This doesn’t mean Vinn thinks stand-up is without its challenges. “Everybody gets stuck in a rut, where you can’t think of anything new. You’re supposed to be able to tell the same story over and over again, like it just happened, and you’re just now telling it. After a while, you get tired of the same jokes. Comics always have to write.” Vinn aspires to Louis C.K.’s practice of writing a new hour’s worth of comedy every year. “He writes five minutes a month, and by the end of the year, he has a whole hour.”
Dharni, like Thompson, sees stand-up as a path to both catharsis and connection. “You get to really delve into yourself. The kind of stand-up I like is baring it all, baring your soul, talking about deep, dark shit, and tying it into the human experience.”
One of the most memorable open-mic moments for Dharni was when, intending to perform pre-written jokes, he found himself improvising instead. It was two years ago, after a “nasty” breakup. Dharni was waiting to go onstage at the open mic at Winstons in Ocean Beach, when a sudden need to work through his emotions led to a change in plans for the set.
“I had just gotten off the phone with my ex,” he recalls. “I got onstage, and I don’t even remember what I said. It was a really cool breakthrough moment. I started talking about what the conversation was about. I was so pissed. My eyes were closed — I was just ranting into the microphone. I forgot I was even onstage, forgot I was even talking. It was like I was thinking in my head.”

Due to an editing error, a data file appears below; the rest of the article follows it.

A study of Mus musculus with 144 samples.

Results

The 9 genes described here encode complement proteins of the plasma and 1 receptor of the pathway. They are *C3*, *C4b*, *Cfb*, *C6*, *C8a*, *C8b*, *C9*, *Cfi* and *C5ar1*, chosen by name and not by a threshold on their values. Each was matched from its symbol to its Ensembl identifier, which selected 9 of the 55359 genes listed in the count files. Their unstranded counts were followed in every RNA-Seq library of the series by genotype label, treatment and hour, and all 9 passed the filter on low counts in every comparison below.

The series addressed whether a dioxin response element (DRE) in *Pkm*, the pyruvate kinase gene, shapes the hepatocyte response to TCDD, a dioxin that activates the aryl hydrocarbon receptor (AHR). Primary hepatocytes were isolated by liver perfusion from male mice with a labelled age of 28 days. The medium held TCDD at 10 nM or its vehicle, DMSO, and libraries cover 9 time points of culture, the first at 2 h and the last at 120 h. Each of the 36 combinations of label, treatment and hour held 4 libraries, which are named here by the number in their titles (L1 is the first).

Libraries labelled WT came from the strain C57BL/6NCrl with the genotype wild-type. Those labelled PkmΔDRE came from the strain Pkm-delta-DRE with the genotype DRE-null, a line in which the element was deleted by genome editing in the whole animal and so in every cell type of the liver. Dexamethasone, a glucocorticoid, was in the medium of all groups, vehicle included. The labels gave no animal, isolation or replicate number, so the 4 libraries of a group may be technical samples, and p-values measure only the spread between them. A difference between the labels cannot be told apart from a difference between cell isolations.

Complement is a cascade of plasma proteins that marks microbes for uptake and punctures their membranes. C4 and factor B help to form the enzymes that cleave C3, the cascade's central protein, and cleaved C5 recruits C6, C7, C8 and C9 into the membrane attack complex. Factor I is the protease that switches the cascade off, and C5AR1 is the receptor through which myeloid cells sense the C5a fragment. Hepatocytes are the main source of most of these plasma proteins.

When he finished, Dharni remembers, “I opened my eyes, and people were laughing, like, losing their shit, and I wasn’t even trying to be funny.” From that experience, he derived a joke he’s recited countless times since. “When my ex was being weird about something, she’d make you feel like you were being weird. She’d say, ‘Why are you being weird right now?,’ and I’d say, ‘I’m not,’ and she’d say, ‘No, you’re totally being weird,’ and then that would make me weird.” When he delivers this joke, Dharni says, “I try to break it down. I go into this whole explanation onstage, and I lose my breath trying to explain it. Then I take a deep breath and say, ‘That’s how you know a girl isn’t for you — when your body can’t even breathe because you’re trying that hard to understand or explain something. It’s not worth it at that point.”
Dharni is rare in that he both performs and regularly associates with comedians from both improv and stand-up, despite how separate the two communities can be. Thompson, on the other hand, says she knows more musicians, primarily because open mics tend to incorporate “comedy and music.”
“I love stand-up,” Dharni says, “because you really get to express your point of view — you get to better know yourself. With improv, you get to pop into a character and be someone else, and you never know what’s going to happen next. So, basically, I learn from one, and I surprise myself in the other.”
“Stand-up gets right to the joke,” Kramer says. “It’s set-up, punch line. Improv stretches it out. You take a comic situation and add a curlicue to it.” The improv veteran compares the two forms to different sports. “Ours tends to be scary to a lot of people. You hit that stage, and you don’t know the first thing you’re going to say. You have to trust in your teammates. With stand-up, you’ve got your set memorized and just hope it’s good enough.”